Social media can help producers build sales and status
Farmers are using social media, such as Facebook and Twitter, to increase sales, enhance their reputation and interact with the consumer audience.
A number of American Farm Bureau Federation (AFBF) members use social media as part of their direct sales and retail-oriented agriculture operations, says Mace Thornton, acting director of public relations for AFBF.
"Being able to stay in touch with those direct customers is a real plus," Thornton says. "For example, farmers with U-pick fruit operations are able to keep customers informed when the crop is ripe. Other examples include farmers who specialize in communitysupported agriculture farms."
Social media also allows farmers to become a go-to source of information for their peers. "This is simply a more immediate way to communicate, improving on the coffee shop model," Thornton says. "A number of farmers have been able to raise their profile in their community and across the industry due to their ability to harness social media platforms."
Producers should embrace transparency by showcasing their products, whether it’s livestock or crops. "Consumers want to know where their food comes from," says Teresa Roof, public relations manager for the National Pork Board. "It can be as simple as taking a photo of a baby pig and posting it to Facebook or Twitter. It can be a video of manure being applied to a field with an explanation. The possibilities are endless."
Producers should be sure to include contact information—such as an e-mail address, farm logo or photo of themselves—on their social media accounts, Roof says.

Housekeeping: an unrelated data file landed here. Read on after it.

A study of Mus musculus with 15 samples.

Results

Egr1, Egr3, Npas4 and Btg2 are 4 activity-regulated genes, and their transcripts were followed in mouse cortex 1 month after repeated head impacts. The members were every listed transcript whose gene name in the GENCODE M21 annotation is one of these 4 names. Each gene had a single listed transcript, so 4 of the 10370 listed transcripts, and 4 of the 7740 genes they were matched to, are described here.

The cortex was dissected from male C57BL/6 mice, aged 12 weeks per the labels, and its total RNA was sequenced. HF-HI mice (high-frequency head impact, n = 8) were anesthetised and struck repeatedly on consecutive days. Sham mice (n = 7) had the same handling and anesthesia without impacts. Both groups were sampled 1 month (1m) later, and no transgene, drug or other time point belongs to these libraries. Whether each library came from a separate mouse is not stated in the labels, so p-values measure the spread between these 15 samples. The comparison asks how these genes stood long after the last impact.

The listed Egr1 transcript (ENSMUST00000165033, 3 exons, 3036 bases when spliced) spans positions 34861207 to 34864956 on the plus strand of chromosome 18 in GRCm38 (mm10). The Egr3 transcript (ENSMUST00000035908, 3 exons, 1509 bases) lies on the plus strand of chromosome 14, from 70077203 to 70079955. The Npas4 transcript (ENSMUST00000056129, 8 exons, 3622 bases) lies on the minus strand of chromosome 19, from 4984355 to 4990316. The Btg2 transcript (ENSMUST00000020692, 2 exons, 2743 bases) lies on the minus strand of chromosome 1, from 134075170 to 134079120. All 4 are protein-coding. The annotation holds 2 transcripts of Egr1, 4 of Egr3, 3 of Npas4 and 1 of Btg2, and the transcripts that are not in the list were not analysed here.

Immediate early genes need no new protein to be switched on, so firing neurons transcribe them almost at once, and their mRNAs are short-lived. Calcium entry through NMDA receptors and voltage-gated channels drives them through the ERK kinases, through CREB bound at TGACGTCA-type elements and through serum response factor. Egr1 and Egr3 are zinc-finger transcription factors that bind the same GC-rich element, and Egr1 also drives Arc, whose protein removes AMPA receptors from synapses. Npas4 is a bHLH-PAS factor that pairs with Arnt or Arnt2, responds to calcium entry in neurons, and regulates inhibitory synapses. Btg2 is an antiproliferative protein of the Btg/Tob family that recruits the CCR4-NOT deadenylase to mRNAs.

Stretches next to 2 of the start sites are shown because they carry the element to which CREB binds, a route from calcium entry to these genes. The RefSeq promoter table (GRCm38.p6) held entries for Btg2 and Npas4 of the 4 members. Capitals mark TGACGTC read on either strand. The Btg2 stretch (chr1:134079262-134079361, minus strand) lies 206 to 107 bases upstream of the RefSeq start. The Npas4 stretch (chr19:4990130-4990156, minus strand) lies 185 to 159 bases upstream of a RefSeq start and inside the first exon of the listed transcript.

Put Policies in Place. Producers who are building social media policies for their staff can take several steps to success. First, producers with a legal department should consult with attorneys to decide what should be included in such a policy. Those with smaller operations should have a written procedure that identifies the person in charge of social media accounts and any other team members who will play a role in answering questions from consumers or the media.
Employers should be transparent with employees when it comes to what they can and cannot say about the farm on social media. Those posting to social media should make it clear when a post reflects their personal views and not those of the operation. Other factors include creating a time frame for responding to consumers’ posts (24 hours, for example), identifying opportunities and risks and documenting online engagement with consumers.
Both the Pork Board and AFBF provide members with social media training. "Communicating and the ability to share stories is more important than ever, regardless of the medium or platform," Thornton says. "Because people involved in social media exhibit a more open attitude in regard to two-way engagement, farmers have an opportunity for high-quality experiences and connections to share their personal stories, as they take to heart the concerns they are hearing."